Glamping with horses
A few weeks before the long weekend we each had to fill in a questionnaire about our previous horse riding experience and Jon got a little worried about the questions they were asking.…
We were about to join 8 others (we had only previously met one of them) for a long weekend of horse riding on the Laikipia Plateau. And as you are riding through the bush and across the planes where the wild animals of Kenya roam freely, your horse might get spooked at any time or you might need to leave an area quickly for safety reasons. So there were questions like “are you able to control a lively horse…”.
Jon prepared for the weekend by taking some riding lessons in the little time we had left and Jude discovered she still had her old riding jodhpurs from 25 years ago (and they fitted perfectly!).
The weekend started well with drinks by the huge fireplace where we met everybody, followed by a gourmet dinner in the grandiose dining room of the lodge. We discussed riding histories, tried to remember people’s names and listened to Leszek play the piano.
The next day started with a leisurely breakfast on the veranda before walking over to the stables. We were all given our horse and mounted eagerly. Jude’s Ethiopian pony came with red tape around the tail as a warning for others as Bella bucks. Jon’s ex-polo horse Alfie was chilled-out and made Jon feel in control.
We set off on the road but were soon into the bush. It was amazing to see the wildlife from a horse’s back. Getting relatively close to giraffes, zebras, antelopes and even the occasional elephant is just awesome. Apparently in the Maasai Mara, where they run 8-day horse riding safaris, you can even get very close to lions!
A delicious lunch was served in the bush on a purpose-built platform overlooking a watering hole with the horses scattered around us, resting a few hours before we jumped back on again for the next 3 hours of riding through the bush to the northern stables. We got there just as the heavens opened and after riding through a huge herd of about 50 giraffes.
We left the horses at the stables for the night and jumped in the safari vehicle that would take us to our overnight fly camp. Only 2 people had fallen off during the rides that day, Ruby being very unlucky as her horse slipped during a river crossing causing him to sit down on his bum, leaving poor Ruby sliding off into the river. Luckily both riders and horses were unharmed and the riders jumped straight back on to continue the ride.
The fly camp was seriously impressive. They had erected a shower tent and a toilet tent, created a bedroom made from hessian nets, provided shelter for our bags and things, set up a bar (!), a perfectly laid dining table, and built a great fire. Now that is what you can call proper glamping! (glamorous camping)
We enjoyed the hot (!) shower, had a few sundowners around the fire and then had beef fillet cooked on the open fire for dinner. Some said it was the best steak they ever had (don’t worry, they had a beautifully roasted butter-nut pumpkin stuffed with lots of delicious flavours for Jude too).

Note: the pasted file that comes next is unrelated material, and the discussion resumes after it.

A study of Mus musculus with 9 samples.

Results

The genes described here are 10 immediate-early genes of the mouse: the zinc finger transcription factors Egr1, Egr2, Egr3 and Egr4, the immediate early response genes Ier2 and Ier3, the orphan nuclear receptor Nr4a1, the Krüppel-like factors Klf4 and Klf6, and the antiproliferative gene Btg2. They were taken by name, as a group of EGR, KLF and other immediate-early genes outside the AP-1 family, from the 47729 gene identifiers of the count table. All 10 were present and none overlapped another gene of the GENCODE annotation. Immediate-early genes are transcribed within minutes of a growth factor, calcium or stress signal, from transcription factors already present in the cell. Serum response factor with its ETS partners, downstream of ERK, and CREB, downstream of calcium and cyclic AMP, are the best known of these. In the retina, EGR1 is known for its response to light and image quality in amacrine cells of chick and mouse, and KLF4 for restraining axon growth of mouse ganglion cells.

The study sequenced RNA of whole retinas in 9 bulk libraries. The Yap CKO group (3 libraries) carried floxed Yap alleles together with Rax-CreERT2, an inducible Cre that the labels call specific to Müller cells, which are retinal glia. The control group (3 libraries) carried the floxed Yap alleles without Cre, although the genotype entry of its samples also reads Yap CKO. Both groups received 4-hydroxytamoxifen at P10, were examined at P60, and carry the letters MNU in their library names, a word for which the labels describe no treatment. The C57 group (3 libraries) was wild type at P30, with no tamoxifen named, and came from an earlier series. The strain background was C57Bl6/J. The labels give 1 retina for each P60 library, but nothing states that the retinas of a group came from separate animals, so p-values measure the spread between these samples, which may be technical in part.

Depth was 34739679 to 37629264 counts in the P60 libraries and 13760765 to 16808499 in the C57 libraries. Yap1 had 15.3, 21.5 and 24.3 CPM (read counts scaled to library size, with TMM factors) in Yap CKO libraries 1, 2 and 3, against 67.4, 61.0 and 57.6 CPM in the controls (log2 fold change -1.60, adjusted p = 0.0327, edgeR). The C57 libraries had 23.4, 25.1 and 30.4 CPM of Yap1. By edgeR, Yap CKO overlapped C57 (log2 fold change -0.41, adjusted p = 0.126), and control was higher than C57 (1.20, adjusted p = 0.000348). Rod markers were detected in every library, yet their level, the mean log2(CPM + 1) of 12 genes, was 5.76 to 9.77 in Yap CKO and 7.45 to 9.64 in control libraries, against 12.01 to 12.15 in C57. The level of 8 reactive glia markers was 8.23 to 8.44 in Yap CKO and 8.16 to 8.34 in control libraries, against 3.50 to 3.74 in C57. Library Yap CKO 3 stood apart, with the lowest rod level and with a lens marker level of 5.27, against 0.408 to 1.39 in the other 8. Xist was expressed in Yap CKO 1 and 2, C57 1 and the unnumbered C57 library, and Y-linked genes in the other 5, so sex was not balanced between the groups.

After a few more drinks around the fire, people went to bed and we asked if it was ok to pull our swag out of the ‘bedroom’ and sleep around the fire – with nothing between us and the animals.
Leszek also joined us and the 3 of us slept around the fire that night, watching the shooting stars and listening to the mating lions nearby. It was a night to remember forever and we hope we will be able to enjoy many more like that.
The next day we weren’t even that sore, so we happily got back onto our horses for the ride to breakfast before returning to the lodge for lunch served by the pool.
That afternoon some people wanted to relax, others went fishing and we chose to go on a game drive. Unfortunately it rained whilst we were on the drive and we didn’t see many animals. It seemed they were all hiding for the wet weather. Luckily we had spotted 2 leopards, a hyena, reticulated giraffes and rare Grévy’s zebras on the drive in through the Laikipia plateau so we didn’t feel like we were missing out completely.
We couldn’t find the wild dogs or the lions on our game drive (they have several groups with collars so they can be tracked by radio signal), but we did see a few hyenas on the carcass of an elephant that had recently been shot (poached). Strangely the lions hadn’t found the carcass yet.
The wild dogs, the Grévy’s zebras and the reticulated giraffes are all unique to the Laikipia plateau and it was the first time we had seen the Grévy’s zebras. They are distinct from the plains zebra and so cute with their oversized ears! We’ll have to come back one day to see if we can find the wild dogs…
That night we played snooker with Mark and Ruby on a full sized table. Who knows how they got it to the lodge in one piece? We had a great time trying to remember all the rules and of course trying to get the balls in the pockets. It’s not easy!
The next morning was our last ride and this time they had decided to split up the group in 3. Jude, Mark and Leszek went for a fast ride with some cross-country jumps. Jon joined the group that went for some trotting and cantering whilst another group took it easy and went for a slightly shorter ride before all meeting at the same time next to the river for another breakfast in the bush.
Hippos in the river, beautiful yellow fever trees around us and with a fantastic swimming hole with waterfalls just a 5 minutes’ walk from the breakfast table. Most of us went for a swim, but as you had to jump off a 7m waterfall to get in, not all were keen. The fact that there is a perfectly safe swimming hole right next to a river with hippos made it even more special. What a way to end a fantastic weekend!